Bangladesh’s Foreign Direct Investment (FDI) inflows in the textile and weaving sector in 2020 amounted to $271 million, an 11% increase from the previous year.
According to Bangladesh Bank data, in 2020 Bangladesh received $271 million as foreign direct investment, which was $244 million in the previous year.
As per the data, South Korea was the largest investor with an investment of $50.32 million in the country’s textile and garment industry, followed by Kong $35.11 million, China $25.19, the United Kingdom $14 million, the Netherlands $6.18 million, USA $11 million, the British Virgin Islands $26.46 million, Sri Lanka $22.36 million and India $11 million.
However, the overall foreign investment in Bangladesh declined by 10.80 percent to $2.56 billion in 2020, which was $2.87 billion in 2019.
The FDI figure in the textile and weaving sector is not as much as expected but trade analysts and industry people termed it as a positive sign for the country when the country’s total investment is going through a stagnant situation.
Sector people are welcoming foreign investment in the new segment where there are opportunities to grow mostly in the high-end products.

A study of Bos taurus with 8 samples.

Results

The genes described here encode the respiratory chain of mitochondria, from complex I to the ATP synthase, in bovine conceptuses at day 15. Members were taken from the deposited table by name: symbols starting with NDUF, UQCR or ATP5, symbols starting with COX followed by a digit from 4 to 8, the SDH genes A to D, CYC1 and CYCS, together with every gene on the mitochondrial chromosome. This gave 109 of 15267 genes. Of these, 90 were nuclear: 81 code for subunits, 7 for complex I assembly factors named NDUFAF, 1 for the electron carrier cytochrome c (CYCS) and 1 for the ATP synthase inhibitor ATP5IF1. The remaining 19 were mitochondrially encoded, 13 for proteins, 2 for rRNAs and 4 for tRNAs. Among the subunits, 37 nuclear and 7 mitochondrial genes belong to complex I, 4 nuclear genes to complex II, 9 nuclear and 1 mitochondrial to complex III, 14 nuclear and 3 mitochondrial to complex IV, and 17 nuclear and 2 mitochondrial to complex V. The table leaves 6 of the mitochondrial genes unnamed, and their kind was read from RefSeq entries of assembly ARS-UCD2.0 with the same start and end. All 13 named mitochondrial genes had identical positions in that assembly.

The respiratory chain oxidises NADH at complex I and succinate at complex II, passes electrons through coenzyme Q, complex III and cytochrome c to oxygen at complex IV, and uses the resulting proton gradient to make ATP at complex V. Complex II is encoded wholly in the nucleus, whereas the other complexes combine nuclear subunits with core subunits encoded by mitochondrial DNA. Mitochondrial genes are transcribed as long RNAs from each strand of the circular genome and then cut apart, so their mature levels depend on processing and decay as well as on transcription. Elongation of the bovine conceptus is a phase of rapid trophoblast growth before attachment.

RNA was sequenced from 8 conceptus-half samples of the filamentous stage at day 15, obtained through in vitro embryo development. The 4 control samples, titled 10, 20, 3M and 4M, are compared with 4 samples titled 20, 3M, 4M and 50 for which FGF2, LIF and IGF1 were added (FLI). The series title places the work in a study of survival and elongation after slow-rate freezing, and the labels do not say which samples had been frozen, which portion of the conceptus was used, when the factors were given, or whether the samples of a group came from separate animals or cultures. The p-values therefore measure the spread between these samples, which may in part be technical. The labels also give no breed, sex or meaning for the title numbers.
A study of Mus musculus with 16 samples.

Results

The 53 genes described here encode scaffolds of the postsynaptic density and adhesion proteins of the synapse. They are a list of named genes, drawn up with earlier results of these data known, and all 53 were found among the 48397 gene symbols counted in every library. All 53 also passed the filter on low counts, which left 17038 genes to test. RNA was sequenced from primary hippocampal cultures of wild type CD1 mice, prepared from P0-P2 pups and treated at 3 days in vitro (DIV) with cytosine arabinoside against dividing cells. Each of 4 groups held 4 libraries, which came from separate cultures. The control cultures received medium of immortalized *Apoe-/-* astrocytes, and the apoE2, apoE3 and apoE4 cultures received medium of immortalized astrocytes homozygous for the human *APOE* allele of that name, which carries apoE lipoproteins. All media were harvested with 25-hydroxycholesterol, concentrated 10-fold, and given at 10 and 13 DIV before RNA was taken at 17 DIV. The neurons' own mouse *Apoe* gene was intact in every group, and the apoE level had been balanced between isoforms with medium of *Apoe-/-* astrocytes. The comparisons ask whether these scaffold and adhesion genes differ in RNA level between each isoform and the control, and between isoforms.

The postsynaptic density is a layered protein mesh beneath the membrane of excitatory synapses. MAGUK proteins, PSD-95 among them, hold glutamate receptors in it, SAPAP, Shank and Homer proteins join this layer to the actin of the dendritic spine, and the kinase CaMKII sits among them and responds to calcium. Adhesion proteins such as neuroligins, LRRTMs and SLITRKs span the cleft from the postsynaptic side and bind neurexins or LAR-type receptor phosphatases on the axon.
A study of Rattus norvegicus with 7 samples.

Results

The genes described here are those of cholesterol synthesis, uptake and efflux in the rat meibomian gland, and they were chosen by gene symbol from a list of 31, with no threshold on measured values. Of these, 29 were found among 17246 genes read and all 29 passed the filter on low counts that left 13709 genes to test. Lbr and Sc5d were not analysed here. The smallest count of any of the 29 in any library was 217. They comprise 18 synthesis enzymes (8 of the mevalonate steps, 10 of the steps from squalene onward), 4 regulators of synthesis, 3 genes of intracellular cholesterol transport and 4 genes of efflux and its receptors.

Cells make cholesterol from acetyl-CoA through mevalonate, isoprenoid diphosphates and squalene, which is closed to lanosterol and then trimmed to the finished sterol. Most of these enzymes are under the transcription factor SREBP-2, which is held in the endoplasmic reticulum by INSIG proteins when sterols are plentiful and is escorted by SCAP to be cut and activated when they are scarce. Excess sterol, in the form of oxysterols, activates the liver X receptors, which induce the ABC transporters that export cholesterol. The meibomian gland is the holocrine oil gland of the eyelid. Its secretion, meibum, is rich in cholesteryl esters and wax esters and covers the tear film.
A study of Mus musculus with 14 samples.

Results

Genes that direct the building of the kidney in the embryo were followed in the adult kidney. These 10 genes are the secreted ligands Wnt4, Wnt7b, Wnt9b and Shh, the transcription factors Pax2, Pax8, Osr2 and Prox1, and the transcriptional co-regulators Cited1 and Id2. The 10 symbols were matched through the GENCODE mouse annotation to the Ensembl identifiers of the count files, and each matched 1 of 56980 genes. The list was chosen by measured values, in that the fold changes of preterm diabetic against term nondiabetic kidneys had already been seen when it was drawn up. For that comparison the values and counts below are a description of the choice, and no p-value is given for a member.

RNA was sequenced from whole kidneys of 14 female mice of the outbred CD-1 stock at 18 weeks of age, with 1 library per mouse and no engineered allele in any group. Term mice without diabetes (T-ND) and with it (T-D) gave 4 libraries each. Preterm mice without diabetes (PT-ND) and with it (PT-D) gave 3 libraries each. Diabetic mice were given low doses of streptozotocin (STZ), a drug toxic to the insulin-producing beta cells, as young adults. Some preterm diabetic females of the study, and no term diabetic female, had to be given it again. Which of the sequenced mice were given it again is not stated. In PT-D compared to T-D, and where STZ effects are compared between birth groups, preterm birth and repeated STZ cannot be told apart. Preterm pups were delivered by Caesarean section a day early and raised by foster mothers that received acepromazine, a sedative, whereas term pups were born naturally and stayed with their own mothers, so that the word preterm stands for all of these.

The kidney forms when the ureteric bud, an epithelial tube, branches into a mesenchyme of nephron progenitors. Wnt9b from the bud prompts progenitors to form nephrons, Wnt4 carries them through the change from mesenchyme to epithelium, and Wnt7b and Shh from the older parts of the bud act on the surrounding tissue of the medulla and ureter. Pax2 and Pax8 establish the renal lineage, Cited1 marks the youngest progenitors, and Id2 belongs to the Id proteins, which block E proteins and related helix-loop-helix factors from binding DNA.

“Right now, we are focusing on non-cotton products as the future of this category is bright and is gradually increasing. This segment needs more investment,” Bangladesh Garment Manufacturers and Exporters Association (BGMEA) president Faruque Hassan told Textile Today.
We are welcoming foreign investment mostly in the segment where there are opportunities to diversify products and knowledge sharing, said the business leader.
However, the rise in foreign investment inflows is a good sign for us and I am very much optimistic about the continuation of trend and better growth this year, said Hassan, also Managing Director of Giant Group.
On the other hand, the economist also suggested attracting more foreign investment in fabrics manufacturing in woven mostly, while there are opportunities for value-added products
“Bangladesh has overcapacity to produce traditional goods and it is gradually moving towards high value good” Centre for Policy Dialogue (CPD) research director Khondaker Golam Moazzem has told The Textile Today.
To become self-sufficient in raw materials for high end products, the government should offer an opportunity to attract foreign investors with large volume investment, said Moazzem.
The apparel sector needs a huge amount of capital and skilled workforce where FDI can play an important role, said the economist.
He also opined that FDI should come in backward linkage and textile sector also as still we are importing huge amounts of fabrics.
Not only that it will help the local manufacturers to experience knowledge from the foreign investors, said Moazzem.